Technion students test flight pilotless vehicle_390.
(photo credit: Courtesy Technion )
A pilotless plane with a wingspan of 1.9 meters and weighing four kilograms –
built by aeronautical and space engineering students at the Technion- Israel
Institute of Technology – won first place on Thursday at a Tel Aviv aviation and
space conference. Recently, the same entry took the top prize in the recent US
Design- Build-Fly competition for large and small flying vehicles and eighth
place in the general competition against 87 other teams.
supervised by Israel Aircraft Industries engineer Shlomo Tzach, were the best in
the students’ project competition at the 25th Israeli Conference for Aviation
and Space, which opened in Tel Aviv on Tuesday and moved to the Technion campus
in Haifa on Wednesday. The US conference was organized by the American Institute
of Aeronautics and Astronautics, the main organization dealing with the
development of aviation technology and infrastructure.
contributed a lot to the aviation engineering students, especially in their
professional career. It was carried out like an IAI project, with purchasing,
logistics, coordination and a working plan that updated weekly,” said Tzach, who
graduated from the Technion in 1970 and has been working for the IAI for 42
years. He has trained hundreds of engineering students.
generation is not less talented than the one before it. A group that
carries out such a project knows what development is.”
Five Israel Air
Force soldiers – Ya’acov Ben Shushan, Yossi Yoresh, Gal Klein, Yitzhak Shiroki
and Itai Strauss – received the Niv-Ya Dorban Prize at the conference for the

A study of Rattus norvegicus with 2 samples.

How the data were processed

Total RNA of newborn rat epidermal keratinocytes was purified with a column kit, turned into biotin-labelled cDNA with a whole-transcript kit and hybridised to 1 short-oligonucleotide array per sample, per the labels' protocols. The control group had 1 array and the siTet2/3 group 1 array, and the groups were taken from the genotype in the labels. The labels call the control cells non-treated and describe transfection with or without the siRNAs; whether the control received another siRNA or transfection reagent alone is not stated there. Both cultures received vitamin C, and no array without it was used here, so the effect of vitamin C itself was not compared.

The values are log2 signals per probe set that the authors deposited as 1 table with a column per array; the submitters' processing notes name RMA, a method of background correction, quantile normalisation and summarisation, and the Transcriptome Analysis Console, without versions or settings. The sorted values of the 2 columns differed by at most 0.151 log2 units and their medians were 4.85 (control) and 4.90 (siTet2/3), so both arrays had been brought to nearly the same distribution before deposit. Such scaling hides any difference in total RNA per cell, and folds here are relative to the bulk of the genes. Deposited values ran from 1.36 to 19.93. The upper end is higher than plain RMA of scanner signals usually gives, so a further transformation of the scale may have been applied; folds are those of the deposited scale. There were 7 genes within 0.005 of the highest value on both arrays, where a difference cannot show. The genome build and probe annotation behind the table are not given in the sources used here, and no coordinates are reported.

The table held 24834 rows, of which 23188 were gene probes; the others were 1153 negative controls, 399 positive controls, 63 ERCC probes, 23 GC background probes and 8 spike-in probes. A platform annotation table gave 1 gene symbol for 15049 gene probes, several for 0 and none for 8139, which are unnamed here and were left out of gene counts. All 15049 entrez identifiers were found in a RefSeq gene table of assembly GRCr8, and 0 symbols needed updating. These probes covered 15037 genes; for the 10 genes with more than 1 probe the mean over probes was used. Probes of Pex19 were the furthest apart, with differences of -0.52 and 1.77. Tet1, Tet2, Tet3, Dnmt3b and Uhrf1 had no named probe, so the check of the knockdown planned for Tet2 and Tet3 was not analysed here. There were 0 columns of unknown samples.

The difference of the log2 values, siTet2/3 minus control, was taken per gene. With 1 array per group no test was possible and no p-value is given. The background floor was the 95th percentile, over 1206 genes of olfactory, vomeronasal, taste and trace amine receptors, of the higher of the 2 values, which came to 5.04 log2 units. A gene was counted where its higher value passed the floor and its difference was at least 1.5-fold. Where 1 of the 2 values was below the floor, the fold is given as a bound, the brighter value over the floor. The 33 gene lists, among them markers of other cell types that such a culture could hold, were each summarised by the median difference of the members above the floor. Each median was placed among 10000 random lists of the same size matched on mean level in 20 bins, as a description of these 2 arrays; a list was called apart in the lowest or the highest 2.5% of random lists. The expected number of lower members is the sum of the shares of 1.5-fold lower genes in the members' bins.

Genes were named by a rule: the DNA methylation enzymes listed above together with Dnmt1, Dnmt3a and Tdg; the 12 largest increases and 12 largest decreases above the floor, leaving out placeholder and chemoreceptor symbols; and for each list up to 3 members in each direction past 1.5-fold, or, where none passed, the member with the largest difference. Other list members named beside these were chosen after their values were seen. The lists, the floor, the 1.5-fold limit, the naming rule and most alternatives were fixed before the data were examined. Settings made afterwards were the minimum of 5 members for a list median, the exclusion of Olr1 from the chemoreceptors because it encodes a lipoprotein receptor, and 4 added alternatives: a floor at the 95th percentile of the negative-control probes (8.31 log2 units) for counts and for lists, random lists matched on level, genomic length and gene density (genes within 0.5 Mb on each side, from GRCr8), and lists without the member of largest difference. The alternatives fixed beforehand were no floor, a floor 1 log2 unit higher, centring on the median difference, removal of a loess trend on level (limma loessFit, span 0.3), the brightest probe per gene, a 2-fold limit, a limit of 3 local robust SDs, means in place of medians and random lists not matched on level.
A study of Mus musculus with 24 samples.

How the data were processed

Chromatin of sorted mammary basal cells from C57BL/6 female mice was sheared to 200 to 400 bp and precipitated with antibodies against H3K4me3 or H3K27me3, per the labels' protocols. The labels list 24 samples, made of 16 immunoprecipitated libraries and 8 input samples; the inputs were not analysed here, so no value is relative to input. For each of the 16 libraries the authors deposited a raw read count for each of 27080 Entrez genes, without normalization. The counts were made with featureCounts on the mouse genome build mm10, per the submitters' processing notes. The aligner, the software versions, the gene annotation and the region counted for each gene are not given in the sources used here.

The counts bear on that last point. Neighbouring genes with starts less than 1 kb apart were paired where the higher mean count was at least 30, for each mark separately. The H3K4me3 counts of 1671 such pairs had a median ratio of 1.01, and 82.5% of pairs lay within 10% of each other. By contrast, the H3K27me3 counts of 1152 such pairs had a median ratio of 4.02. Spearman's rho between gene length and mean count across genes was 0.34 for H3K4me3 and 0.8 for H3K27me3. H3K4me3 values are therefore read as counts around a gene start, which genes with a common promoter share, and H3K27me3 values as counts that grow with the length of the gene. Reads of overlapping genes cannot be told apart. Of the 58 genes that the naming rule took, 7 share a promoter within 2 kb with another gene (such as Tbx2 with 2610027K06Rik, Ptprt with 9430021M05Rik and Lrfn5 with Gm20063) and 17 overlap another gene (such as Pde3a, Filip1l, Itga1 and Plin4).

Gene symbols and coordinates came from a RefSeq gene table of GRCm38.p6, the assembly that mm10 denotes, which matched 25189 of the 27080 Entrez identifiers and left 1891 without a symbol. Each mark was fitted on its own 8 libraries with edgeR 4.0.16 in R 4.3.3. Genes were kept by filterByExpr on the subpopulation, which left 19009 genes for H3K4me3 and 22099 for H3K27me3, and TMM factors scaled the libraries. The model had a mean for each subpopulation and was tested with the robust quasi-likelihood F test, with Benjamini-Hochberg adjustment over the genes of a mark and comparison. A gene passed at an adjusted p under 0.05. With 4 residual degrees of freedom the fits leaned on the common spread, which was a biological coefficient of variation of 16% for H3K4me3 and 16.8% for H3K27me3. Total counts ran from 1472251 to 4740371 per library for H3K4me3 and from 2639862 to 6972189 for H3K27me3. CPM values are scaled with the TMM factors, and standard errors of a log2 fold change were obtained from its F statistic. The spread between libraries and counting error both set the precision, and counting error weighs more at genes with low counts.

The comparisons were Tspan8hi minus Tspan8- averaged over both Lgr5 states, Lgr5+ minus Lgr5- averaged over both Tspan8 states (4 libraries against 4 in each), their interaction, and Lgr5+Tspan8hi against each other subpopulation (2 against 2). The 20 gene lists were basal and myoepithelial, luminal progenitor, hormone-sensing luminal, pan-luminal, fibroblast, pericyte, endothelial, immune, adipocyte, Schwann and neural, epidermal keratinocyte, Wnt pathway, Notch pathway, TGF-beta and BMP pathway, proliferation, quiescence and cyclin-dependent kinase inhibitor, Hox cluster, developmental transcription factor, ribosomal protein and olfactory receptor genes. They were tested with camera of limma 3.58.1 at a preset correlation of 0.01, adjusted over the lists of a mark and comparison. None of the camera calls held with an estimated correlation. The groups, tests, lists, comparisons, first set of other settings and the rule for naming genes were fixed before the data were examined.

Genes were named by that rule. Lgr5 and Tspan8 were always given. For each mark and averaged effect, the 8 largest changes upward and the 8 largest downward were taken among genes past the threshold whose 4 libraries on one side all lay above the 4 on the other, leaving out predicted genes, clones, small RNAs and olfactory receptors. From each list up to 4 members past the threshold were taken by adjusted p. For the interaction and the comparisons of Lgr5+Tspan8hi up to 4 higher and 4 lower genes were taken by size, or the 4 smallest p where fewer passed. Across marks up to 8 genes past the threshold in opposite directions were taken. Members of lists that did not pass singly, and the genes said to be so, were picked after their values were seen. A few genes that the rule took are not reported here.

most outstanding article, which focused on a mathematical solution to the
behavior of aviation cables in various situations.
The same team tried to
simulate the dynamics of cable behavior, such as a cable used when a plane
refuels during flight, an Electric Company cable, the lowering of an anchor in
flowing water or even a civilian flight cable that meets interference in the
air. The team examined how the cables reacted to disturbances and how to
“One of our aims was to see at what speeds planes can be
refueled in the air,” they said.
Each team member received a NIS 1,000
prize, which was named for the IAF officer Niv- Ya Dorban, who was murdered nine
years ago by a thief on a quiet Tel Aviv street. His parents, Rahel and Prof.
David Dorban of the Technion, set up a fund in his memory to encourage the
writing of articles on innovation and initiative in the field in which their son
Every year, the TechnoRosh competition at the Technion is held
for engineering students who carry out unusual feats after building objects.